French Toast Casserole

For me, french toast has always been a royal treat in terms of breakfast food. I think the only time I ever ate french toast while growing up was at a restaurant, and why is that? French toast is actually a fairly easy meal to make, and oh-so delicious. Now that I have my own kitchen, I have made it more often. Happily, I have even branched out and found some glorious alternatives!

This casserole is a fantastic alternative to your everyday piece of french toast. It goes together quickly and easily and saves you from having to stand in front of the stove watching over each slice of bread as it cooks. Be prepared to have a very happy house when you serve up this delectable treat.

Warning: this casserole may be hazardous to your health: You may be tempted to nibble and eat it for every meal until it is completely gone.

This dish is beyond convenient and you are likely to have most, if not all, of the ingredients already on hand in your kitchen.

French Toast Casserole

  • Servings: 8
  • Difficulty: easy
  • Print


  • 3/4 loaf of bread103a
  • 8 eggs
  • 2 1/2 cups milk
  • 3/4 cup sugar
  • 2 1/2 tablespoons vanilla
  • 1/2 cup flour
  • 2/3 cup firmly packed brown sugar
  • 1/2 tablespoon cinnamon
  • 1/4 teaspoon salt
  • 1 pinch nutmeg
  • 1 stick cold butter, cut into pieces

Directions: Preheat oven to 350 degrees. Use the stick of butter to grease a 9×13 baking dish, cut that same stick of butter into cubes. Tear the bread into pieces and place in your baking dish. In a bowl, whisk together eggs, milk, sugar, and vanilla. Pour the egg mixture evenly over the bread, and let it soak into the bread. In another bowl,Β combine flour, brown sugar, cinnamon, salt and nutmeg. Using a pastry blender, cut in the butter until the mixture is combined and sandy. Sprinkle the topping over the bread mixture. Bake for 50-60 minutes. Allow the casserole to set for 10-15 minutes before cutting. Serve with butter, syrup, and powdered sugar if desired.

Step-by-Step Photos

038Here are the cast of characters for the first part of our french toast casserole: A while ago, I was given this loaf of bread that was close to expiring, at the time I had no need for it so I simply tossed the loaf into the freezer to use another day. Well, that day has come!

040Start by buttering your baking dish. To make life easier, I just used the same stick of butter that I was going to cut up for the crumb topping. Remember to put it back in the refrigerator; you want it to be nice and cold for later.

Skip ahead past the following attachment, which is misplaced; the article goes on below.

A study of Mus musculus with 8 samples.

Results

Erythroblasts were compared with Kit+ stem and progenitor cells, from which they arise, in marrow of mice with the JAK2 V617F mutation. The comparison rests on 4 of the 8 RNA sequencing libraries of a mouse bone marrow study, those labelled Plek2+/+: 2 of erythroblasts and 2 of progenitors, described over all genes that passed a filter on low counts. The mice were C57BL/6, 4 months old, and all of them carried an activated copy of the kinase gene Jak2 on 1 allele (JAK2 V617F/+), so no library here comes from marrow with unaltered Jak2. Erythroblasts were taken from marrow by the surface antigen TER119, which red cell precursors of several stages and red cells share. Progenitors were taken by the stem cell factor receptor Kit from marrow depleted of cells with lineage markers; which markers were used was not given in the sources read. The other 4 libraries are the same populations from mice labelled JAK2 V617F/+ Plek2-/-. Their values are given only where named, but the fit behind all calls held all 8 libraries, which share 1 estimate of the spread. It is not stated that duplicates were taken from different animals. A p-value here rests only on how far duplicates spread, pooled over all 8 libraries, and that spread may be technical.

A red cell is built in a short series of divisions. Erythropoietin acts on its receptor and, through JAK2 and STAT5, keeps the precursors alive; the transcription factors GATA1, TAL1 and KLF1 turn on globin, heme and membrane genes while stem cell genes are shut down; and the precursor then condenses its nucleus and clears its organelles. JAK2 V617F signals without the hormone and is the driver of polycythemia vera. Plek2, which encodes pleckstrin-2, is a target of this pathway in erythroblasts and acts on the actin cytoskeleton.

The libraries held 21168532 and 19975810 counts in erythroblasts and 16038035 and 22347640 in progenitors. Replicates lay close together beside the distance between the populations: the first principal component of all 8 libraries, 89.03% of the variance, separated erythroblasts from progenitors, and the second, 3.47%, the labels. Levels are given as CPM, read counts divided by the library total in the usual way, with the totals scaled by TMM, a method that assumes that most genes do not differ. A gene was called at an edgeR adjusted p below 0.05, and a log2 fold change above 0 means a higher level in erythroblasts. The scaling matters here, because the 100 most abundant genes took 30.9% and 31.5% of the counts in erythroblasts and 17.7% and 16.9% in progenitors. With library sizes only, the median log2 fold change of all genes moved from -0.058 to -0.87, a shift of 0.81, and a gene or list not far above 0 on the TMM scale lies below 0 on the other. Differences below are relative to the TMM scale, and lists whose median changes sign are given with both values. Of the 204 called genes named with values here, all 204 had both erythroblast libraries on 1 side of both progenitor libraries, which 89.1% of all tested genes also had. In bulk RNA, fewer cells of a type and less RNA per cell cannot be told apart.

045Now, tear your bread into bite sized pieces and pack them into the baking dish. I was originally going to use the whole loaf of bread, but I found that the pan was very full 3/4 of the way through the loaf. My best guess is that I tore apart 16 oz of bread total.

052Whisk together the eggs, milk, granulated sugar, and vanilla.

055Pour the egg mixture over the bread. Try to spread the eggs evenly over the entire baking dish so the mixture is absorbed evenly into the bread. One of the great things about this casserole is that you can switch up what type of bread you use: white, wheat, potato, challeh… donuts?

061Here are the ingredients we will use to make the crumb topping:

069Stir together your flour, brown sugar, cinnamon, salt, and nutmeg into a bowl. Then use a pastry blender to cut in your cubed butter until the mixture is combined and sandy. It took me a good long while until I was satisfied with the look of my topping, but you may not be as picky as I am… and you may have a better pastry blender than I do. Can you see where I bent the prongs? Sometimes I can’t control my strength.

075Sprinkle the crumb topping to evenly cover the bread mixture. Now, it is time to pop this beauty into the oven at 350 for at least 45 minutes. Because your oven may differ than mine, I suggest checking your casserole at 45 minutes and then gauging how much extra time your casserole needs from that point. If you want your french toast casserole to be wet like bread pudding, then you will want to take it out close to the 45-55 minute range. If you want a firmer, drier casserole, which is what I was aiming for, you will want to continue baking it for a total of 1 hour to 1 hour and 15 minutes. But make sure to check it every so often, you don’t want it to burn.

084Here is my casserole hot out of the oven. The topping made a lovely crust that just melts in your mouth.

086Look how much it puffed up while baking! A word of advice: place a large baking sheet on the rack below this casserole, or else you may end up cleaning burnt sugar drippings off of the bottom of your oven. Lesson learned. Let this dish sit for at least 10 to 15 minutes before cutting into serving pieces. The casserole will ‘deflate’ as it cools. If you cut it too soon you will end up smooshing it and it won’t look very attractive for your blog photos. Once again, lesson learned.

103This is not the most beautiful photo that could represent this delicious casserole, but it still makes my mouth water. I topped my portion with a dab of butter, maple syrup, and a sprinkle of powdered sugar, then I nearly died from the sugar high that followed. The casserole is sweet by itself, so make sure to taste test before adding any additional sweet toppings. This casserole is easy yet it feels like a treat! I served this dish with a fruit salad that is tasty and easy to throw together. It feels like cheating (okay, it probably is cheating).

If you try this casserole please let me know in the comments down below. I am excited to hear how other people experience this scrumptious dish!